To Round Or Not To Round… NOT

Awhile back I wrote about how our small primary care practice was considering giving up rounding on our own inpatients (11/13/12, To Round Or Not To Round)*. At that time it was up in the air… I myself had conflicting emotions about it. Over time, I had gone from being very much in favor of continuing rounding on our own patients, to ambivalent, to pretty pro-giving that up…

And now I am way, way adamant about letting inpatient experts care for our inpatients. As several physician friends commented then (on and offline), inpatient care is becoming more specialized. It’s pretty next to impossible to keep up with both outpatient and inpatient advances, and to be efficient at both areas. It’s probably dangerous to try.

We only have to cover our practice once every few months, for only 7 days at a time… but it’s hard. It starts on a Friday, and I usually block the morning to get to know the inpatients and/or do any admissions/ discharges, then see outpatients in the afternoons: the Friday afternoon urgent visits. Then Saturday and Sunday we have to drive into the city and round, as well as answer pages… The days are unpredictable, and can be pretty long. Monday through Thursday it’s usually rounding in the hospital in the morning, and seeing patients some afternoons, and covering for the docs who are away as well.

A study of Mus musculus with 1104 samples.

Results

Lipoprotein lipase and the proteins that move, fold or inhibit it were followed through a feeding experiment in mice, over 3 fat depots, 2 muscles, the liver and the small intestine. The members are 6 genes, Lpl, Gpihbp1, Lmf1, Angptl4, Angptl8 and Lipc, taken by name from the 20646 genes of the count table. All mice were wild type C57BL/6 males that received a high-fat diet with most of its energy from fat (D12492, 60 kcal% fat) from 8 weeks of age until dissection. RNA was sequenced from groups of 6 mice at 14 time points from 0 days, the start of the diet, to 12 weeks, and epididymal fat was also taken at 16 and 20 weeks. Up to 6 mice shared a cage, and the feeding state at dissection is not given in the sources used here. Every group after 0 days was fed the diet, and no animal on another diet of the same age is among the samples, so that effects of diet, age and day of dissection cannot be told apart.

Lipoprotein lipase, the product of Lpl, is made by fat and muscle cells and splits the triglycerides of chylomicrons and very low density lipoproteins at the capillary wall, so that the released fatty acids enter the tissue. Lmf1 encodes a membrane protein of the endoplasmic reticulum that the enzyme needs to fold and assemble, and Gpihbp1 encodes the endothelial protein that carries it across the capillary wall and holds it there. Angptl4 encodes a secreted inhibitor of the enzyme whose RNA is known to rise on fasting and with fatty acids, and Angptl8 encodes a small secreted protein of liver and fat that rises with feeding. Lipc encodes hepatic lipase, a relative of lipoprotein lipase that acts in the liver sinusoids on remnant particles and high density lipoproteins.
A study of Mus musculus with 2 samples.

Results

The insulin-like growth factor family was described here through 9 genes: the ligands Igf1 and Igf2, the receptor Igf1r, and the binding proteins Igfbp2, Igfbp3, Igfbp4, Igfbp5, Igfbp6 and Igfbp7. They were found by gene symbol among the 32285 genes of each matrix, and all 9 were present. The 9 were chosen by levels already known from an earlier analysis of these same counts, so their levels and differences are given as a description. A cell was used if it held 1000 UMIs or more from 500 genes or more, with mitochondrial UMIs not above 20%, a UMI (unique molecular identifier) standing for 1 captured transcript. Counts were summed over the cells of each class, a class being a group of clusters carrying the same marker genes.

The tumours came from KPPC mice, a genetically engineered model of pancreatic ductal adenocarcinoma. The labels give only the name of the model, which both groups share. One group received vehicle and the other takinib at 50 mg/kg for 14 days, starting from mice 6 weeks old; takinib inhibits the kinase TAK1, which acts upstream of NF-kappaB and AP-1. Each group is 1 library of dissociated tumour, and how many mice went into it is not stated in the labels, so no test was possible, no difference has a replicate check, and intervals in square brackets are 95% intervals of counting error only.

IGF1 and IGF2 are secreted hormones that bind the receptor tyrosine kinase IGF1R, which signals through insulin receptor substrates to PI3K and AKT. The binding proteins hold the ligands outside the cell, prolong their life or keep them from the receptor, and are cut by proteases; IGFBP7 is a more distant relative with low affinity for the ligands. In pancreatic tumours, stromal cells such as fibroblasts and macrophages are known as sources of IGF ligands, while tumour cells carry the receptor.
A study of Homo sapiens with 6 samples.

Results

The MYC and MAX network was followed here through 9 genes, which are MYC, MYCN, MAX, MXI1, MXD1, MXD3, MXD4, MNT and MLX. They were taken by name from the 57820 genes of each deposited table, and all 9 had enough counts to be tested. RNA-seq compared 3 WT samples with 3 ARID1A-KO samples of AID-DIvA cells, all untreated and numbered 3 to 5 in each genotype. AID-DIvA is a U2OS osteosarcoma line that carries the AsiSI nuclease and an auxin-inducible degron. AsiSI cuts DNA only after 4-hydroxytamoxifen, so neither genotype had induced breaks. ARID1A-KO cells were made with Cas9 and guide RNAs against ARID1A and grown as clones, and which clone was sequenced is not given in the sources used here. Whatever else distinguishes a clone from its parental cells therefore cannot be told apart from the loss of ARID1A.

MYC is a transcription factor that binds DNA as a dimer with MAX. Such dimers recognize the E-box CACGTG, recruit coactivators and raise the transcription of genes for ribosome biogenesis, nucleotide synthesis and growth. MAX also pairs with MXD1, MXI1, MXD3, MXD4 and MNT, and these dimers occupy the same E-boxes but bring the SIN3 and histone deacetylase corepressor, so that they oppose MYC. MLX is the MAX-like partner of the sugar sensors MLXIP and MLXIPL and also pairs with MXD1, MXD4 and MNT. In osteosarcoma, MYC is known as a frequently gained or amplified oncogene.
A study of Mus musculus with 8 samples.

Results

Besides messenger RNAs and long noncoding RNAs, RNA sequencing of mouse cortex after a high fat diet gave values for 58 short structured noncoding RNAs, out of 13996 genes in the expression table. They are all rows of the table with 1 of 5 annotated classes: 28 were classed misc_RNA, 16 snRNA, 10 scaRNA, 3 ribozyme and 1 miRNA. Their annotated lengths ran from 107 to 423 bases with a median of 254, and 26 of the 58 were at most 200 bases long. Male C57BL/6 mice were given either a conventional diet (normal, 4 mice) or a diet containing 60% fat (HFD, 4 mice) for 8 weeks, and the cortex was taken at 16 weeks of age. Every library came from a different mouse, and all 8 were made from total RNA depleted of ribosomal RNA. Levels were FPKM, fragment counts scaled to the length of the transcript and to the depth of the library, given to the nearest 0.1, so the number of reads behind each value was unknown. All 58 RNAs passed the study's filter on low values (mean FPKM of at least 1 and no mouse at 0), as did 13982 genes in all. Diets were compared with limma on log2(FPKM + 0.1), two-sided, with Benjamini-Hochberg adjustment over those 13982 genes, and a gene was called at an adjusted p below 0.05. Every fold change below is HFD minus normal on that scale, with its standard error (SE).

My last few stints covering on call, I have struggled with it all: handling the pager calls, the inpatient rounding, and the outpatient load.. and that was with clearing my schedule as much as possible and with using all our available child care to the max (we have alot of help). The last real call I had, in March, at the end of my 7 days on, I was a mess. (Read that post: 3/3/13, I Am A Mean, Nasty Person… On-Call)*.

Meantime, our practice, recognizing that things are getting uncomfortable, if not downright dangerous,  is moving towards letting inpatient experts handle our hospital rounding. And so, for my last 2 weeks of call, I have had someone else seeing all the inpatients, doing all the admissions, discharges, and medical consults, while I only hold the pager and answer calls.


Each week of call has been totally fine and manageable. It’s a totally different experience.

I haven’t had to clear my outpatient schedule, because I don’t have to round. I’ve been able to see all of my own patients and handle all of my own administrative work. It’s not all put on hold. I don’t fall behind. I don’t have to drive into the city on my day off or on the weekend. I just have to answer pages. I’m not as stressed, or distracted, and so I can actually talk to people. It felt more like, offering friendly advice to a neighbor with a question, than being pulled away from the bedside of that sick inpatient with a P.E. . I was much better able to listen.

Best of all, I was able to wake up with my kids, and spend quality family time with them and hubby.

There were a few pages at inopportune moments, like at bathtime and bedtime, but overall it was easier as I had been there all day anyways, and felt well-decompressed.

I am very grateful. I am a total convert. I think there is no going back for me.

I am all-in as an all-outpatient primary care doctor.

*forgive me as I cannot get the links to embed within the text.